JGB curve steepens on election bets, super-longs suffer
* Super-longs hit by LDP's reflationary policy proposals
* The 10-20 year yield spread widest since 1999
* Short-term maturities gain on speculation of more easing
* Some say "Abe trade" will not last long
By Hideyuki Sano
TOKYO, Nov 16 (Reuters) - Long-dated Japanese government bond prices fell while shorter maturities eked out gains on Friday on speculation that a likely change in the country's government could lead to more aggressive easing in monetary and fiscal policy.
Since Japanese Prime Minister Yoshihiko Noda signaled earlier this week he would call an election on Dec. 16, longest maturities suffered the most, pushing up the yield spread between the 10- and 20-year paper to the highest level since 1999.
"Expectations of more monetary easing and loosening in fiscal discipline are in the play at the moment," said Akihiko Inoue, chief fixed income strategist at Mizuho Investors Securities.
The conservative Liberal Democratic Party, seen as likely to return to power, has called for more public spending and its leader Shinzo Abe said on Thursday he wanted the BOJ to consider zero or sub-zero interest rates.
The 20-year yield climbed 1.5 basis point to 1.685 percent , near the 1.7 percent level where it peaked three times in the past half year.
Its spread over the 10-year yield rose to 95.5 basis points, a lofty level not seen since July 1999, having risen four basis points in the past few days.
The 30-year yield also gained 1.5 basis point to 1.950 percent, near seven-month high of 1.960 percent hit last month.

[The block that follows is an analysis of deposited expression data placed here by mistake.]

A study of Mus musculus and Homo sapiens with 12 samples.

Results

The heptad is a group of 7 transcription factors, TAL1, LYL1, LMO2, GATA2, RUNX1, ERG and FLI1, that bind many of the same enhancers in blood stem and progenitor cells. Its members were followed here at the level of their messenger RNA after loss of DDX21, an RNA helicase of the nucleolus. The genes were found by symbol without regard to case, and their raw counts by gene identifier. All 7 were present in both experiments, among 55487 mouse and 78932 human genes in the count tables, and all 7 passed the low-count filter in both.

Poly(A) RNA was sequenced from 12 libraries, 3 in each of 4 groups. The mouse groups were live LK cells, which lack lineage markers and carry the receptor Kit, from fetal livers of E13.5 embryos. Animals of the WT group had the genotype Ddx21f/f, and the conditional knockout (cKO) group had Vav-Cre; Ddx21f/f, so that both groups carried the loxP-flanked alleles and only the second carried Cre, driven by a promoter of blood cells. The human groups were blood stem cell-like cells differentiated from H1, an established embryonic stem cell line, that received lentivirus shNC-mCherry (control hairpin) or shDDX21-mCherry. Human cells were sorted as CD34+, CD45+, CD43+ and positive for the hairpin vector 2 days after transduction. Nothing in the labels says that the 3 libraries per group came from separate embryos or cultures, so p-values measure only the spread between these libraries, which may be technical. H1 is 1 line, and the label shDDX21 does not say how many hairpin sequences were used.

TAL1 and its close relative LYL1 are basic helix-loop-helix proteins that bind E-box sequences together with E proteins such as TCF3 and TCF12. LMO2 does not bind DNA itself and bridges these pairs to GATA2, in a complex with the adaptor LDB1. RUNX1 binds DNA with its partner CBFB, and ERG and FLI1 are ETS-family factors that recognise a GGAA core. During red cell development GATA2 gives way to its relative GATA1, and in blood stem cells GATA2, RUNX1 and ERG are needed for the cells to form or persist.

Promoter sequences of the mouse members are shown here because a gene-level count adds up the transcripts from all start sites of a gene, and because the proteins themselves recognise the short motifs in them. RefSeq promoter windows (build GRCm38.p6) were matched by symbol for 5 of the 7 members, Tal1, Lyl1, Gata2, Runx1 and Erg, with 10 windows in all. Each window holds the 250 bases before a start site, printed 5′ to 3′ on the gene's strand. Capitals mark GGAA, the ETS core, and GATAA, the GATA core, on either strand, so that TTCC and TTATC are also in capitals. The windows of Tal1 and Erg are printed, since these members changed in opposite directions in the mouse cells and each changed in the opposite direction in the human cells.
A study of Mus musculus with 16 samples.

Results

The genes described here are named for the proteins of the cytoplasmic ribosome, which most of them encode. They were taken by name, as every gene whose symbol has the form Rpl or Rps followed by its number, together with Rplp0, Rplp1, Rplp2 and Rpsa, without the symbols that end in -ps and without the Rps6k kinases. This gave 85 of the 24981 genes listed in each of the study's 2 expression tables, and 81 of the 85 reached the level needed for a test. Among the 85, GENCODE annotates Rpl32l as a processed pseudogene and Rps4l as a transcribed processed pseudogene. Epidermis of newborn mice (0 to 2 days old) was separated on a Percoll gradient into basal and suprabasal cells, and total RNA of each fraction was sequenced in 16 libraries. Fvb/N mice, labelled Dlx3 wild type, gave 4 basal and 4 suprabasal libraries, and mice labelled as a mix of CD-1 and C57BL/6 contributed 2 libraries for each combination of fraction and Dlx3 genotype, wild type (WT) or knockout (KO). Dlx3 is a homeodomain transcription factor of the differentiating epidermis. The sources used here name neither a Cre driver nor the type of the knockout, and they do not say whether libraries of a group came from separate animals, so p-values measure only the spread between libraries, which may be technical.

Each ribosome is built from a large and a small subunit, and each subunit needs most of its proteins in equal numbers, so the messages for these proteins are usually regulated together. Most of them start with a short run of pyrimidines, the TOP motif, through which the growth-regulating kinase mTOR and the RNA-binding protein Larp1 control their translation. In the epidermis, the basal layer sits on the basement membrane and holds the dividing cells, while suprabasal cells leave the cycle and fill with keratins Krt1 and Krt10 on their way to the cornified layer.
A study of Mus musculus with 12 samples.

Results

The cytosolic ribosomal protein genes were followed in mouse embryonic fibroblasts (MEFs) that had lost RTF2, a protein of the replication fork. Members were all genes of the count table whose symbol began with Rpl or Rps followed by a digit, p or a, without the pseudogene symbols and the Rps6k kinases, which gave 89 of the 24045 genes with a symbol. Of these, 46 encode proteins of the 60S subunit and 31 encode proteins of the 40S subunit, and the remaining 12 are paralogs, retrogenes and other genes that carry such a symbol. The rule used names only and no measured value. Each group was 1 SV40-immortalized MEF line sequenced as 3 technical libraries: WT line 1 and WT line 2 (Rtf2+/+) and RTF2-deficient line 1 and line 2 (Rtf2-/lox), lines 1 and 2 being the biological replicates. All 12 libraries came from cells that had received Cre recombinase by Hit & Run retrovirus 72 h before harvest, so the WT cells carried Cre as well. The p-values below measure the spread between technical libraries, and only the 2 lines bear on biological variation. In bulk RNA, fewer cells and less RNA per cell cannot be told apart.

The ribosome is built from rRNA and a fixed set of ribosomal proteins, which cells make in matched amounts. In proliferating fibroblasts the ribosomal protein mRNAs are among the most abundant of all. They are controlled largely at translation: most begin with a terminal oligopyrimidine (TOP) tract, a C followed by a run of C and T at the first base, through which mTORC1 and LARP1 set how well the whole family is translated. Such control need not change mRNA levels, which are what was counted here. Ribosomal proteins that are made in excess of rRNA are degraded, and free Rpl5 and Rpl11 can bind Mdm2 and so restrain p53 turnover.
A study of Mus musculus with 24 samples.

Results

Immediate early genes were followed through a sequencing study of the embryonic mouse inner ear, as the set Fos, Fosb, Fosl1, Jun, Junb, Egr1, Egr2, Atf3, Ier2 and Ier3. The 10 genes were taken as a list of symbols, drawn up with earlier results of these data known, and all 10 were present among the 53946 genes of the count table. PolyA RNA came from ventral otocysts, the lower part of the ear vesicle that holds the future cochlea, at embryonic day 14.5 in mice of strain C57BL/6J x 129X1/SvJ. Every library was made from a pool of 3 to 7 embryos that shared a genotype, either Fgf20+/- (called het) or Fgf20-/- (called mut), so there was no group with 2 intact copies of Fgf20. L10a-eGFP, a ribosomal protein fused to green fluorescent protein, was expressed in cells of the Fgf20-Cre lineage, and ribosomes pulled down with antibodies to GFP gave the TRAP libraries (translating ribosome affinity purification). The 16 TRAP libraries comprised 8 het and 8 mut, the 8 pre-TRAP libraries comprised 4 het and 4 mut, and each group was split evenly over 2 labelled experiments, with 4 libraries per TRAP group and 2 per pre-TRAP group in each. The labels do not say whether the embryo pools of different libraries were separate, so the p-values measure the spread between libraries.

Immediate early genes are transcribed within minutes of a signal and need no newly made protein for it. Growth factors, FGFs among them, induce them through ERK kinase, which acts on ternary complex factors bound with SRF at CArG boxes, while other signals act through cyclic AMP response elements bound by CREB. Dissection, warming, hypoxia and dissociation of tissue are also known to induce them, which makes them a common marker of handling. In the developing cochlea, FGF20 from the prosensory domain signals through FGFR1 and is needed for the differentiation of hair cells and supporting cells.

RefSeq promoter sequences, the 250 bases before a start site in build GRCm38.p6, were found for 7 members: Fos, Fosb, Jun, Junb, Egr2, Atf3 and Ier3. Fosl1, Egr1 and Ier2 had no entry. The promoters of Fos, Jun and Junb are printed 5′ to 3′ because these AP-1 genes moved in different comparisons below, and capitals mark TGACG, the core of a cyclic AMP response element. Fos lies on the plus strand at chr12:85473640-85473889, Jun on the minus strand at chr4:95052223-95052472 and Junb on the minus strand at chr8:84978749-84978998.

On the other hand, yields on short-dated notes fell, with the five-year bond yield falling 1.0 basis point to 0.175 percent, edging near a nine-year low of 0.165 percent hit in August.
Benchmark euroyen futures briefly hit a four-month high of 99.755 as Abe's comments sparked speculation that the BOJ may scrap 0.10 percent interest payments on excess reserves, which has effectively served as a floor for money markets.
The price of 10-year JGB futures, which in reality track the cheapest to deliver seven-year zone, rose 0.11 point to 144.70, briefly hitting a nine-year high of 144.73.
Caught between firm short- to medium-term notes and fragile longer bonds, the 10-year yield stood flat at 0.730 percent , unable to test its previous trough of 0.720 percent hit in July at the height of European debt crisis.
"Everybody agrees that the curve will have to steepen. But the direction of the market is uncertain," said a fund manager at a Japanese bank.
"The election story will become stale soon, perhaps next week. Nonetheless, if Japan is to become the only country in the world to ease both monetary and fiscal policy, then this could become a big trend," he added.
Others think the latest market fad of bond steepening, yen selling and Japanese stock buying, already dubbed as "Abe trade", will not last long and JGBs will soon return to their regular habit of tracking U.S. bonds.
"People are doing this for a short-term trading purpose. In the long-run, given the U.S. fiscal cliff and concerns about Europe, bonds will be supported," said Takeo Okuhara, fund manager at Daiwa SB Investments.
Many market analysts also caution that it is far from assured whether the BOJ cuts rates to zero despite the call from Abe. BOJ Governor Masaaki Shirakawa has openly opposed the idea, saying that zero rates will kill money markets.
Some Japanese banks don't seem to believe in that scenario, said a trader at a Japanese brokerage.
"Big banks were selling three- and four-year sectors quite a lot. No one thinks the BOJ will scrap interests on excess reserves," he said.